Scouring the Earth for an exquisite antique ring can be a tedious task that tests even the most patient collector. Knowledge of the craftsmanship attached to an antique ring is probably the best weapon in the search, but there are certain things to look for when you come across a ring that may have been neglected or forgotten centuries before your search began.
Look for markers on the ring. If you find a clear marking of manufacturer, your search is practically ended in one step. According to Sylvie Branch of Made Man, these markers can be difficult to identify, but if you see a clear marking from known antique brands like Boucher, Monet and Trifari, you can rest a bit easier knowing you are dealing with the real thing.
Identify the materials used in the ring. According to Danielle Lapidus of Treasure Box Antiques, Georgian through Victorian jewelry is usually made of silver that gives off an earthy smell. Yellow gold and platinum are more recent, while white gold pieces were not introduced until after 1920.
Identify signs of wear on the ring. According to Branch, there is a difference between tarnishing and a patina on silver jewelry. Branch states that tarnishing can be removed with jewelry cleaner, while the patina is an attractive, soft wearing of a ring that is a telling sign of an actual antique ring.
Use a jeweler's loupe to identify the characteristics and cut of gems or stones and how they are set in the ring. Table cut stones, cabochon stones, irregularly-shaped diamonds and diamonds that shine under low light are indicative of antique pieces, according to Lapidus. She states that no antique piece should have a modern, machine-produced cut.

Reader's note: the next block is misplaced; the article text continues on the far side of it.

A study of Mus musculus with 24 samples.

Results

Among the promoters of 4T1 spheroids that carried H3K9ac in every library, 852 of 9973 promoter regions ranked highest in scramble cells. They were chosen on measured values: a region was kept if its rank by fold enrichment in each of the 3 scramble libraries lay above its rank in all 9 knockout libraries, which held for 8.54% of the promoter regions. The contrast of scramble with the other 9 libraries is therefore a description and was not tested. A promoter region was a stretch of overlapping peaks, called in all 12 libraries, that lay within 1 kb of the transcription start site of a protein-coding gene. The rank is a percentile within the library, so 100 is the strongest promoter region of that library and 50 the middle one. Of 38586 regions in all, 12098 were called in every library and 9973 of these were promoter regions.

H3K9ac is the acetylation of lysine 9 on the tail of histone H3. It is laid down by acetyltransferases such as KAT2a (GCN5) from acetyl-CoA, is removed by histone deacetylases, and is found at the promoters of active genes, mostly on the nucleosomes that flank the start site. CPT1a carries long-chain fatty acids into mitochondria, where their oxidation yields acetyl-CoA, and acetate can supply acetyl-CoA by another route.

Look for other qualities of old-world craftsmanship and style. You must study to become knowledgeable of these signs, but they could be the only thing that can truly identify an antique ring. According to Lapidus, features such as colorful enameling, ornate qualities on seldom seen parts of a ring and animal themes are all good signs of antique jewelry.
Michael Staton began contributing professionally to several papers in South Carolina during 2005. He writes for "Upstate Be" magazine, covering local bands and writing his own weekly Internet column. He is also co-editor of a service industry magazine called "Industry." Staton holds a Bachelor of Arts in media studies from the College of Charleston.